GSK bolsters respiratory pipeline with Bellus Health buy
GSK has agreed to acquire Canada’s Bellus Health for around $2 billion, bolting on a late-stage drug candidate for chronic refractory cough.
The $14.75-per-share deal will add P2X3 antagonist camlipixant to GSK’s respiratory pipeline, a drug which the UK-headquartered big pharma reckons could be ready for launch in 2026, although it is in a class that has seen some challenges.
Last year, Bayer abandoned development of its P2X3 antagonist eliapixant, despite promising efficacy data in chronic cough studies, on what appeared to be safety concerns.
That announcement came shortly after Merck & Co’s rival candidate gefapixant was turned down by the FDA, apparently because of issues with the method it used to count 24-hour cough rates in pivotal trials. Merck has said it should be ready soon to refile the drug, which is already approved in Japan as Lyfnua.
Buoyed by that delay, GSK has swooped on Bellus’ programme, which already has an agreement with the FDA on the cough recording system used in its phase 3 programme, which includes the CALM-1 and CALM-2 studies due to read out in the latter half of 2024.
That timeline still gives Merck a chance to be first to market, if the FDA is happy with a new analysis from its studies, but GSK is hoping for ‘best-in-class’ data that could make camlipixant the go-to drug in the category. It has pointed to a lower tendency to cause taste disturbances (dysgeusia) than other compounds in the class.
In the phase 2b SOOTHE trial reported in 2021, camlipixant was shown to be effective at reducing 24-hour cough frequency with twice-daily 50 mg and 200 mg oral dosing, reducing the rate versus placebo by 34% at day 28.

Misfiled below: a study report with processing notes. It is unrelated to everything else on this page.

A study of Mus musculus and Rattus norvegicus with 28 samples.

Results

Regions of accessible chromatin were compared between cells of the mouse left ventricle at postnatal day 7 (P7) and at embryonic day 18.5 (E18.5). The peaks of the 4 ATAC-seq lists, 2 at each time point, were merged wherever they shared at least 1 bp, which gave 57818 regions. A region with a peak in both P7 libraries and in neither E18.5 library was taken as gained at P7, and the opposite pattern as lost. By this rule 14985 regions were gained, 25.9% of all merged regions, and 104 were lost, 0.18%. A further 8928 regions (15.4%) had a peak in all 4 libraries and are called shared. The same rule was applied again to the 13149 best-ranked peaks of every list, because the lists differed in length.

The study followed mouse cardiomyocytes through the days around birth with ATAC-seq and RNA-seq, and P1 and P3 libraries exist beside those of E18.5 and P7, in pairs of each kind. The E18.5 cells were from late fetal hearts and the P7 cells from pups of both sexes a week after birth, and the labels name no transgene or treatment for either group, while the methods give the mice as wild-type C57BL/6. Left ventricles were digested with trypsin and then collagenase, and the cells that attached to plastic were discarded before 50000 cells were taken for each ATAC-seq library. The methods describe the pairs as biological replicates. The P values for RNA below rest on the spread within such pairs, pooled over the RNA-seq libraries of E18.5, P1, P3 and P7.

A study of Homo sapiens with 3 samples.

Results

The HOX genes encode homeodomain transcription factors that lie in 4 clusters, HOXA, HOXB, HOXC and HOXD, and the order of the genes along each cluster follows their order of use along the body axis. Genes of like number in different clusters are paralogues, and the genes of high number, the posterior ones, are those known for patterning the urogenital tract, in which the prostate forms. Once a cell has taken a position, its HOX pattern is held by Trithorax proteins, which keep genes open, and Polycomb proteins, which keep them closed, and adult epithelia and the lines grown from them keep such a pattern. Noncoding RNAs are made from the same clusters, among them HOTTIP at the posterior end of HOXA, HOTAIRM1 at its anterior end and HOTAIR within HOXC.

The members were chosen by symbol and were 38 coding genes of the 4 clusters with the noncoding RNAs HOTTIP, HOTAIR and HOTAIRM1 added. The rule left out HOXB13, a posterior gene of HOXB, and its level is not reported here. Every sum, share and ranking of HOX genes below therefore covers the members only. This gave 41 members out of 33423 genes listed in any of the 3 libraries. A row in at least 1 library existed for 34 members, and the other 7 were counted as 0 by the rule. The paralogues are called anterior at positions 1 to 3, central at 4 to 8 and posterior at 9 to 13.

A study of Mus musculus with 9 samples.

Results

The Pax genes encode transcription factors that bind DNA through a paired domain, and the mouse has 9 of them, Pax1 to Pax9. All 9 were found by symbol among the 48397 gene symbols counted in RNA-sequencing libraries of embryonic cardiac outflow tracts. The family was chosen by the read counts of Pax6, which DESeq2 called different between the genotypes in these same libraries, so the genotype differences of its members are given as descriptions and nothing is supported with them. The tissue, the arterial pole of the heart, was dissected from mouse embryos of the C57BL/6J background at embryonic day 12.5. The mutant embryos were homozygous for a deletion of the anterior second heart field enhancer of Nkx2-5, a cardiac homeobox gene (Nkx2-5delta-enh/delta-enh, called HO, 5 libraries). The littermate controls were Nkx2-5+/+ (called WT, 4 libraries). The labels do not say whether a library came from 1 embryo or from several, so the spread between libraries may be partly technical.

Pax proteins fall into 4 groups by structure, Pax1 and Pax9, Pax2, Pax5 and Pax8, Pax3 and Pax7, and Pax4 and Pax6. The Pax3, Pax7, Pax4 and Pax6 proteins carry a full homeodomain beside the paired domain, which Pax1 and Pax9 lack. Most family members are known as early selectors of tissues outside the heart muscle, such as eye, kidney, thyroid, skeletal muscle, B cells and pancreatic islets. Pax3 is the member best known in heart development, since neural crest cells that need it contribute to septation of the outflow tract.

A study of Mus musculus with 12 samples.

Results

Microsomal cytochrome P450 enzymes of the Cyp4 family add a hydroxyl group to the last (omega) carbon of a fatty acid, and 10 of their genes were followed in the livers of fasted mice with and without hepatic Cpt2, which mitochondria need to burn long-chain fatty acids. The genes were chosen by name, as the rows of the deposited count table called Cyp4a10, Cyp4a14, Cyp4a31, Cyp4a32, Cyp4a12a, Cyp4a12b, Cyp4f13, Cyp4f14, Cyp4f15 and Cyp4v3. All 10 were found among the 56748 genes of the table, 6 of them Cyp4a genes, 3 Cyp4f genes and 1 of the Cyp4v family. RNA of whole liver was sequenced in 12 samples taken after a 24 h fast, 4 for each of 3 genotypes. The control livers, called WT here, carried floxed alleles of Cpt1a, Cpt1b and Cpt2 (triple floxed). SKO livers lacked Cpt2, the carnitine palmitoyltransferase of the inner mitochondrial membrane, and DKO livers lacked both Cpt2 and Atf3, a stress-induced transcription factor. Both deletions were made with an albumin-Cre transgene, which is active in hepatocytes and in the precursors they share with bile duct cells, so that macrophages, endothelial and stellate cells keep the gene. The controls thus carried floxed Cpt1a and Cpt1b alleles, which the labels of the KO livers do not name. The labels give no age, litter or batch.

The company said in the announcement to disclose the takeover offer that camlipixant has “significant sales potential through 2031” as a first-line treatment for adults with refractory chronic cough.
There are currently no approved treatments for refractory chronic cough in either the US or the EU, and the condition is estimated to affect somewhere between 5% and 10% of people worldwide. Analysts have suggested that the first P2X3 drug to reach the market could generate annual sales of $500 million or more.
Also active in this area is Japanese drugmaker Shionogi, which has a P2X3 drug called sivopixant (S-600918) in mid-stage clinical testing for chronic cough, neuropathic pain and sleep apnoea.
GSK has a five decades-long heritage in respiratory medicines with drugs like severe asthma therapy Nucala (mepolizumab) and asthma/chronic obstructive pulmonary disease (COPD) therapies like Trelegy (fluticasone furoate/umeclidinium/vilanterol), so is a good match for camlipixant.
The big pharma needs to boost its pipeline as it is facing patent expiry in 2027 for HIV drug dolutegravir, one of its biggest sellers, and could see new competition for shingles vaccine Shingrix, currently its top product.